Last week the president of the University of Alabama did an unsafe thing. He hired a football coach without quibbling much over the man's won-lost record, his knowledge of unbalanced formations or his dedication to the three-step drop.
Instead, he hired a coach who hadn't yet figured out how to cheat, wasn't a good bet to learn, and could correctly use the words "study" and "hall" in the same sentence. Together, the two men agreed they would build the Penn State of the South. In appreciation of their efforts, some folks in Alabama have threatened to blow both their heads off.
The president is Joab Thomas, and his choice is ex-Georgia Tech Wreck Bill Curry. Those who are not Curry favorers have found a few trifling faults, to wit: 1) Curry was not born Bear Bryant and has almost no chance to become same in the near future; 2) Curry is not part of the "Alabama Family," i.e., one who has either played at Alabama or coached at Alabama or had his picture taken in some sort of fond or fatherly embrace with Bryant; and 3) Curry hasn't won enough football games to make people forget about 2).
For these sins, someone holed himself up in a phone booth in Haleyville, Ala., and called the police, promising to violently separate Curry from this life, to say nothing of his new desk. Another fellow called Thomas's family and asked the president's son to give his father a message, the essence of which was that Dad had hired the wrong man and would not survive the weekend. The son assumed the caller wasn't referring to personnel changes in the university's English department.
January 19, 1987
The yowling and protestations were not limited to those who slither out from under rocks, either. Though most Alabama fans applauded Curry's hiring, some members of the Tide pride were doing a lousy impression of a Welcome Wagon.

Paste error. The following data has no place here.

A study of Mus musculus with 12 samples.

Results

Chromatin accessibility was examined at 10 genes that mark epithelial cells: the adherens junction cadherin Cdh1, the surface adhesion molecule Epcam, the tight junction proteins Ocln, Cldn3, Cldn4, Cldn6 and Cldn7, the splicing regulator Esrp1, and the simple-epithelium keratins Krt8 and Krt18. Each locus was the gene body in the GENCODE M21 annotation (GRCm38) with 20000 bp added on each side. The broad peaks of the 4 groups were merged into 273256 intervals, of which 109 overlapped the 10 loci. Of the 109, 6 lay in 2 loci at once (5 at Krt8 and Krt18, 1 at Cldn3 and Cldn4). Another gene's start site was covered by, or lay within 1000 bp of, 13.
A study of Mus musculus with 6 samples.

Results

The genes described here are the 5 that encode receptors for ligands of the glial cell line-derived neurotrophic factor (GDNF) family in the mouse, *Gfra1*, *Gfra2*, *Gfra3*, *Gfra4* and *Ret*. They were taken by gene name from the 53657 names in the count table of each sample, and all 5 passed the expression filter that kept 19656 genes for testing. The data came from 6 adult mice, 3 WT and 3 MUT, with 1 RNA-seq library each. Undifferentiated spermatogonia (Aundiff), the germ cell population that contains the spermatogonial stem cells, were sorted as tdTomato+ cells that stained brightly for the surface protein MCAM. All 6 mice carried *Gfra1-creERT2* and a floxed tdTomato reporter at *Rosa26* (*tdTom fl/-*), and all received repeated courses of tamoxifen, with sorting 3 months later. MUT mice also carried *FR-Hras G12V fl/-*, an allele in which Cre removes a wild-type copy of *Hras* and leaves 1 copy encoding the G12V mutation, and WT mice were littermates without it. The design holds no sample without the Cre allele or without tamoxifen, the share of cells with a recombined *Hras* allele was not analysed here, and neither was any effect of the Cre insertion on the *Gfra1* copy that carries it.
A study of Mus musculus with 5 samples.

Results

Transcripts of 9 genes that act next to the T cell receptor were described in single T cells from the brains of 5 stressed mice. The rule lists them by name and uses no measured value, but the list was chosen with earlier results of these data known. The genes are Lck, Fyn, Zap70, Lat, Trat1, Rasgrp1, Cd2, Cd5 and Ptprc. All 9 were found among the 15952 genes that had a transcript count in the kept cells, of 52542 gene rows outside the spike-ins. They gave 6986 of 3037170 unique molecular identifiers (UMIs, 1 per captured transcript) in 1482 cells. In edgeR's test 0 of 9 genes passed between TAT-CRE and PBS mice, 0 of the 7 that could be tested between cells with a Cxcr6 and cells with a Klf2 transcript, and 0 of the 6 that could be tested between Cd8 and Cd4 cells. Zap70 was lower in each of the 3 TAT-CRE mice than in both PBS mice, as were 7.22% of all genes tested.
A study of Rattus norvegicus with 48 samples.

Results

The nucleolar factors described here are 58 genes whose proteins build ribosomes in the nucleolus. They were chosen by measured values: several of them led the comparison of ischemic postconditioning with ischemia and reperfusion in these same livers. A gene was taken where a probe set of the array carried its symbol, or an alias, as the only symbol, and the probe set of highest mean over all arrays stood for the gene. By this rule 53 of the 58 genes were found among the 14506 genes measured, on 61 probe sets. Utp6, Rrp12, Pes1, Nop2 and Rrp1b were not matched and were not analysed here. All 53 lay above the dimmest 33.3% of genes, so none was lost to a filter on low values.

Typical of the grumblers was former Tide All-America Lee Roy Jordan, who said, "If we're trying to end the Paul Bryant era at Alabama, we've made a giant leap toward doing it. I know that sounds selfish on my part, but I'm a...Coach Bryant man 900 percent." And who should Thomas have considered instead? Why, Jordan himself, said Jordan, whose decade in the Dallas construction industry make him eminently qualified.
Even some of the yea votes were cast with backs turned. "We are going to be behind Coach Curry 100 percent and hope he can do the job," said former Alabama player Billy Richardson. If you're keeping track, Curry trails the Bear by 800 percent.
Of course, those with a distaste for Curry are perfectly right. It is foppery for a man to think he can win unless he's at the very school from which he was pomped and circumstanced. Except for the fact that the Georgia coach went to Auburn, and the Auburn coach went to Georgia, and the Notre Dame coach went to Kent State, and ad infinitum.
Curry was unswayed. "I don't believe I've ever started out in anything as the favorite," says the 44-year-old coach, and it's true. This is a man who didn't start on the high school football team until his senior year, didn't start at Georgia Tech until the fourth game of his fourth year, and wasn't drafted until the 20th and last round by the Green Bay Packers. When he went to Georgia Tech with no previous head-coaching experience in 1980, some Georgians like to died.
But in seven years there he turned one of the most moribund programs in the country into one of the most solid without benefit of a single degree in salad bar maintenance, and became one of the most well-liked men in sports. Until Tuscaloosa.
Ashamedly, it was almost to be expected. Even to more level-headed Alabama fans, Thomas's Great Experiment is something of a shocker. After all, one of the last places on earth you would figure to find college football getting a kick-shove into the 1990s would be Tuscaloosa, which is also one of the last places you would expect to hear the school president saying, as Thomas has, "Five years ago people looked at us and said we were a football factory. I don't think they can call us that now." To swear in a man like Curry, with a losing record (31-43-4), for the love of Namath; why, the Bear must be an Auburn fan by now.
But in 10 years the Family will come to know that Thomas is handing them an heirloom. For in the coming presidents-led revolution, Curry will be the shiniest model in the showroom, a winner under a new, rigorous ethic, and cheaters will be piled as high as Corvairs. "This is anything but disarmament," says Thomas. "I was looking for someone who could win today, win tomorrow and keep winning down the road."
And when Curry does—win big and win fair—how long will it be before he's suddenly a long-lost relative of the Family?